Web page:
In the surreal world of 380-pound Eric Esch, anything, it seems, is possible.
At a temple in Beijing's Forbidden City, he was mobbed by women who thought he was a white Buddah.
The 35,000 fans who paid to watch him fight on a K-1 card at Japan's Nagoya Dome gave him the kind of ovation usually reserved for sumo royalty.
His appearance caused a major traffic jam outside the Wembley Conference Centre in the heart of staid old London.
And when Esch fought in Queensland, Australia, local media hailed it as "the sporting event of the decade."
And all of this happened to the 39-year-old father of three in just the past few years.
Yup, there can be little doubt that the Alabama behemoth known as "Butterbean" is the most famous boxer to defect to mixed martial arts (MMA).
Or is it really a defection?
"I think it's more a case of wanting to be where the action is," says the personable Esch, whose record in the sweet science is an impressive 77-7-4 (58 KOs).
"For me, it's all about the rush, the action. That's what fighting in the cage is all about. No runnin' and hidin'. No little bitty pitty-pat jabs and feelin' each other out.
"It's high-intensity, high- adrenalin action. And that's what the folks come to see."
On Dec. 28, when he climbs into the cage at the Shaw Conference Centre to face Edmonton's Nick Penner in the main event on First Blood, The Fight Club's debut card, Esch will try to notch his 12th MMA win against four losses.
"I still consider myself primarily a boxer ... that's what people know me for, and boxing is what's given me an opportunity to travel the world and meet so many wonderful folks," he says.
"But MMA is something I knew I wanted to try as soon as I saw it.
"Hey, I'm a four-round fighter, tops. MMA is tailor-made for a guy like me who just likes to get in there and hit.
"I don't go in for the ground game much. Same with the kicks. That stuff's not real practical when you're as big as I am. I like to punch. And as a trained boxer, I punch better than anybody in the cage. That's my calling card."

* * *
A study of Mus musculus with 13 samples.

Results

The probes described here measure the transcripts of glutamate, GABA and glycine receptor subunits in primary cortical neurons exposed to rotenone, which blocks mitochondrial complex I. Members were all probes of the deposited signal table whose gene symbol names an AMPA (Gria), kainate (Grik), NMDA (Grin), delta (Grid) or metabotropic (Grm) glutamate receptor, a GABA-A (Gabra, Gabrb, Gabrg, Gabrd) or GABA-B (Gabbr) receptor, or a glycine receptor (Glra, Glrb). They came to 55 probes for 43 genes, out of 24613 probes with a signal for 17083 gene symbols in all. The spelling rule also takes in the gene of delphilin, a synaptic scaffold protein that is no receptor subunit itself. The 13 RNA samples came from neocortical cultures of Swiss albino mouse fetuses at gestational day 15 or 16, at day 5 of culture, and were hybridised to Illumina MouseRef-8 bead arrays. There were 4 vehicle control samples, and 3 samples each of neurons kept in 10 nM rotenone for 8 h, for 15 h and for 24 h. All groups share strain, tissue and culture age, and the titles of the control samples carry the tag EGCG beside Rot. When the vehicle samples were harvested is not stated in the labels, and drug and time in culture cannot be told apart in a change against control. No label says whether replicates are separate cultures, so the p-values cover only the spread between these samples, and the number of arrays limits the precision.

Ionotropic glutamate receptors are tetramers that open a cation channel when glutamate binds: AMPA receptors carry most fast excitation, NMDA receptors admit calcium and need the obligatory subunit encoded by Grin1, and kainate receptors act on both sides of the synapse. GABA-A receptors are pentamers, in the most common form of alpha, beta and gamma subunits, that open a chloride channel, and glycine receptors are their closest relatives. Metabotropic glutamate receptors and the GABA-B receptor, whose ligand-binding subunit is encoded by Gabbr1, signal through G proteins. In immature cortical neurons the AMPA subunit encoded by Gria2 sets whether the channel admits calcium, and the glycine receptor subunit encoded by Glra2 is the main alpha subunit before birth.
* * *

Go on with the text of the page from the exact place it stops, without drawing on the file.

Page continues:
As a boxer, Butterbean is the undisputed "King of the Four-Rounders," with 17 of his 58 knockouts coming in the first round.
In his only foray beyond four, he went 10 heats with Larry Holmes in 2002, and even managed to drop the former world heavyweight champion with a left hook in the dying seconds before losing a unanimous decision.
"As a boxer, the first thing I found out about MMA was that very few of these guys can punch -- but they're all great athletes.
"And because most of 'em have some kind of wrestling backround or training in jiu-jitsu or karate, they learned a long time ago that there's more than one way to win a fight.
"My way, as a boxer with a knockout punch, probably isn't their way. I can almost guarantee that with every guy I fight. But that's what makes it so interesting, for the fighters and for the fans.
"Ever since I've come to MMA, I've seen how the crowds embrace the honesty of what happens in the cage. And with promoters like The Fight Club, who are dedicated to elevating the integrity of the sport, that's only gonna get bigger and better."
FOUR SHOWS BOOKED
The Fight Club, a subsidiary of Edmonton-based KO Boxing, has already booked the Shaw for four MMA shows in 2008, and is looking at other venues as well.
"Our ultimate goal is to raise the profile and integrity of the sport to where it will be on equal footing with the more established combat sports," said promoter Mark Sinclair.
"The fact that our first show is also featuring Canada's first officially sanctioned national championship cage match, a welterweight showdown between Jonathan Goulet and Jason MacKay, underlines our commitment.
"The Canadian Boxing Federation is now sanctioning MMA and providing impartial national rankings, so the days of every wannabe promoter dreaming up his own 'world' title matches are hopefully behind us.
"That kind of thing -- bogus titles, cards stacked with guys you've never heard of -- only serves to muddle the MMA pool and hurts the credibility of the sport."
That all sounds good to Butterbean -- as does TFC's pledge to pay MMA fighters better purses.
"It's a start ... but there's a long way to go before the pay is as good as boxing," he says.
"As long as they don't make me do all that ground training, I'm gonna have fun doin' this.
"Just don't ask me to roll around on the floor. That ain't my style."